Object Oriented JavaScript - Part 1
Aug 29 2011 11:04pm | | Share

Object Oriented JavaScript - Part 1

By Derek Santos

Read Part 2
Read Part 3

Back about 5-6 years ago in my PHP days, I was doing a lot of JavaScript.  It seems more and more that JavaScript will be a major player in the future with HTML5.  With that said, it's important to think about how HTML5 applications will be architected and organized.

There's a common misconception that JavaScript is not object oriented.  While OO principles may not be the foundation of JavaScript, it is possible to implement OO principles in JavaScript.

Prototypal vs. Class-based

JavaScript is a prototypal language.  What this means is that object behavior may be cloned based on other objects (or prototypes).  In traditional class-based languages, object relationships and behavior are typically defined at compile-time.  In a prototypal environment, they are defined at runtime.  This is why every object in JavaScript has a prototype property.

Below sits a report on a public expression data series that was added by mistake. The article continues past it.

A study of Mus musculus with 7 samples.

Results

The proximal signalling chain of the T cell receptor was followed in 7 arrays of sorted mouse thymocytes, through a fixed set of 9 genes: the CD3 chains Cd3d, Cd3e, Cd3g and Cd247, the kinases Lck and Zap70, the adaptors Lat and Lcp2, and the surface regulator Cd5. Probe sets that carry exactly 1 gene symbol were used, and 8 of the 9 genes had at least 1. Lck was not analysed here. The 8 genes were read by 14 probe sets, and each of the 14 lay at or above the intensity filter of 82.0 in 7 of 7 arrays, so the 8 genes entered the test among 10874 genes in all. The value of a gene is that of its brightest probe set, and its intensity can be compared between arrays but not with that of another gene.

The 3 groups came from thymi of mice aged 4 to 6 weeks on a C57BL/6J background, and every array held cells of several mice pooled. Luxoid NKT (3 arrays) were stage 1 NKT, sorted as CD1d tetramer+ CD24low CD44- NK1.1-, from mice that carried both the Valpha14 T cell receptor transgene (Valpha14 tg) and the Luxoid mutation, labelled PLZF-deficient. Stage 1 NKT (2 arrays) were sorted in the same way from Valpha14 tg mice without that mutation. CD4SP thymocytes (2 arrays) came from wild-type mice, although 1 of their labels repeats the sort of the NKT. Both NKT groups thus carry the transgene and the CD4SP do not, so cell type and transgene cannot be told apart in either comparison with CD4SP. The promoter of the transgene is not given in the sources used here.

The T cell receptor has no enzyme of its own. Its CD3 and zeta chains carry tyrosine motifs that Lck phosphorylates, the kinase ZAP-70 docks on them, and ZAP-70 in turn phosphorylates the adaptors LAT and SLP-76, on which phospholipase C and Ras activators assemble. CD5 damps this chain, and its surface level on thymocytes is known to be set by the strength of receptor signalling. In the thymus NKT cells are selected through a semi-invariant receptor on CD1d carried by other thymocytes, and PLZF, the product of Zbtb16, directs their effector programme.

Defining a Class/Prototype with JavaScript

Here are two ways you can define a class with JavaScript.

Method 1: Within Constructor

This method is really simple and common.

function Person() {
    this.firstName = "Derek";
    this.lastName = "Santos";
}

var person = new Person();

Method 2: Using prototype

This method allows you to modify a class definition outside of its constructor.

 

function Person() { }
Person.prototype.firstName = "Derek";
Person.prototype.lastName = "Santos";

var person = new Person();

There is no super property in JavaScript (unless you create one yourself). Instead you need to use the "call" method.

AndroidPhone.prototype.startUp = function () {
    Device.prototype.startUp.call(this);
}

Declaring Class methods

To declare a method in a class, you can simply define it within the classes constructor like so.

function Person() {
    this.firstName = "Derek";
    this.lastName = "Santos";
    this.showName = function() {
        alert(this.firstName + " " + this.lastName);
    }
}

var person = new Person();
person.showName();

This is just the tip of the iceberg, many other OO concepts can be implemented in JavaScript.  Keep an eye out for Part 2 of this article where I'll talk about inheritance and other OO principles.